YouTube Gaming

YouTube Gaming goes live

With a new interface pushing trending videos and live-streaming, the Google-owned giant is now poised as an alternative to Twitch.
August 27, 2015

YouTube has officially pushed in the cartridge and pressed “play” on its YouTube Gaming service.

The platform, which was first announced in June, is the new home for all things gaming, from in-game play (often referred to as “let’s play” videos), gaming news, reviews — and yes, live-streaming.

Now, all videos uploaded to YouTube that fall into the “gaming” category will be pushed to YouTube Gaming automatically.

YouTube users don’t need a second account to access YouTube Gaming and can still watch gaming-related videos on the traditional platform if they please, but if they watch through YouTube Gaming, they’ll experience a different interface that helps push trending game videos and live streams to the spotlight. Live streams also have a chat option.

Gaming channels also exist simultaneously on both YouTube and YouTube Gaming, meaning gamers don’t have to worry about building up their follower count or transferring over videos. It will be available on Android and iOS in weeks to come, and can also be fed to a TV set via the Google Chromecast.

Gaming has been YouTube’s most popular vertical for years — videos in the genre draw more views than any other pieces of original content (gaming is only out-performed by music videos and movie trailers combined). In 2014, gaming videos of all kinds boasted more than 75 billion views in total, according to the YouTube 2015 Lookbook.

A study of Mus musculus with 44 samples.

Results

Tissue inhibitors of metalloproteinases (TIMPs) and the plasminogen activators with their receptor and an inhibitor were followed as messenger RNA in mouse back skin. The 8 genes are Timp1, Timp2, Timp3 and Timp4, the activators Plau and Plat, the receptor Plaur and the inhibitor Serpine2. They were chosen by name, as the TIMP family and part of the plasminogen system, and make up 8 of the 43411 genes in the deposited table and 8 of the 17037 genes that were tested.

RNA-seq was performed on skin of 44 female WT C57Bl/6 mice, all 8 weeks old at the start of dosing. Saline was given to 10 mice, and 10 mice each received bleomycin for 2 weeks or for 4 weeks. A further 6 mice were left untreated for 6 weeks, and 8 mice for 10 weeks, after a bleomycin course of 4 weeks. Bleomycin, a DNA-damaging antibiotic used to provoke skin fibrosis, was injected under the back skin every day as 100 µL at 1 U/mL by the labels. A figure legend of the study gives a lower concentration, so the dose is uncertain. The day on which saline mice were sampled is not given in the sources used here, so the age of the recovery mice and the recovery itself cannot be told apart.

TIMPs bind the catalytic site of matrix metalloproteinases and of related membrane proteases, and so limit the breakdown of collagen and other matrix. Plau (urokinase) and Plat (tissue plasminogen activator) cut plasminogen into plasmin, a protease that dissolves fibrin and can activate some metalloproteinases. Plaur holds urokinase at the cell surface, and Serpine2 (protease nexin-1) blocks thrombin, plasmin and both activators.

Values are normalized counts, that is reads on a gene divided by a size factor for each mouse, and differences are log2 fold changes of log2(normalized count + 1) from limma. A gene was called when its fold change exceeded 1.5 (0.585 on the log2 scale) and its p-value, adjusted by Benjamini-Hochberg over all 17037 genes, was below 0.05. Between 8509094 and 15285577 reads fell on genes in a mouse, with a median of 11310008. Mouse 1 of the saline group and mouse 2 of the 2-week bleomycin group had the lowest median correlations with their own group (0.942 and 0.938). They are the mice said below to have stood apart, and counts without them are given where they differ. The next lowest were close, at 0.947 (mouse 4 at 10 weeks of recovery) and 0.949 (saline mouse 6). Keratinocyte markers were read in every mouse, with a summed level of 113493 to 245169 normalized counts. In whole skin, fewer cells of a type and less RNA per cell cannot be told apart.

One of the biggest games that attracts online viewers is Minecraft (more than 13 billion views in 2014). YouTubers in the Minecraft genre like Mitchell Hughes (who vlogs under the moniker Bajan Canadian) have not only generated decent revenue from advertising on their videos, they’ve been able to use the videos to promote other ventures — for Hughes, his “full-time” income comes from the server he and several friends run, as well as a store for in-game Minecraft upgrades.

Perhaps the biggest success story to come out of YouTube’s gaming sector is Felix Kjellberg, better known as PewDiePie — who was prompted to respond to criticism for his reported $7.4-million-dollar earnings in 2014. Kjellberg currently has more than 35 million subscribers.

But despite the ubiquity of gaming on YouTube, it’s not the only platform in the game-streaming game.

Twitch first launched in 2011, but gained widespread recognition in February 2014 when a group of gamers used the platform to broadcast a collaborative game of Pokemon. Later that year, Twitch was purchased by Amazon for $940 million, following rumors that Google had made a bid to buy the service. In 2014, Twitch saw an average of 100 million unique monthly viewers, according to its own statistics.

Though those numbers seem to pale in comparison to YouTube, it has still made moves to remain competitive — like recently upgrading its streaming speed to 60 frames per second to compete with Twitch’s quality.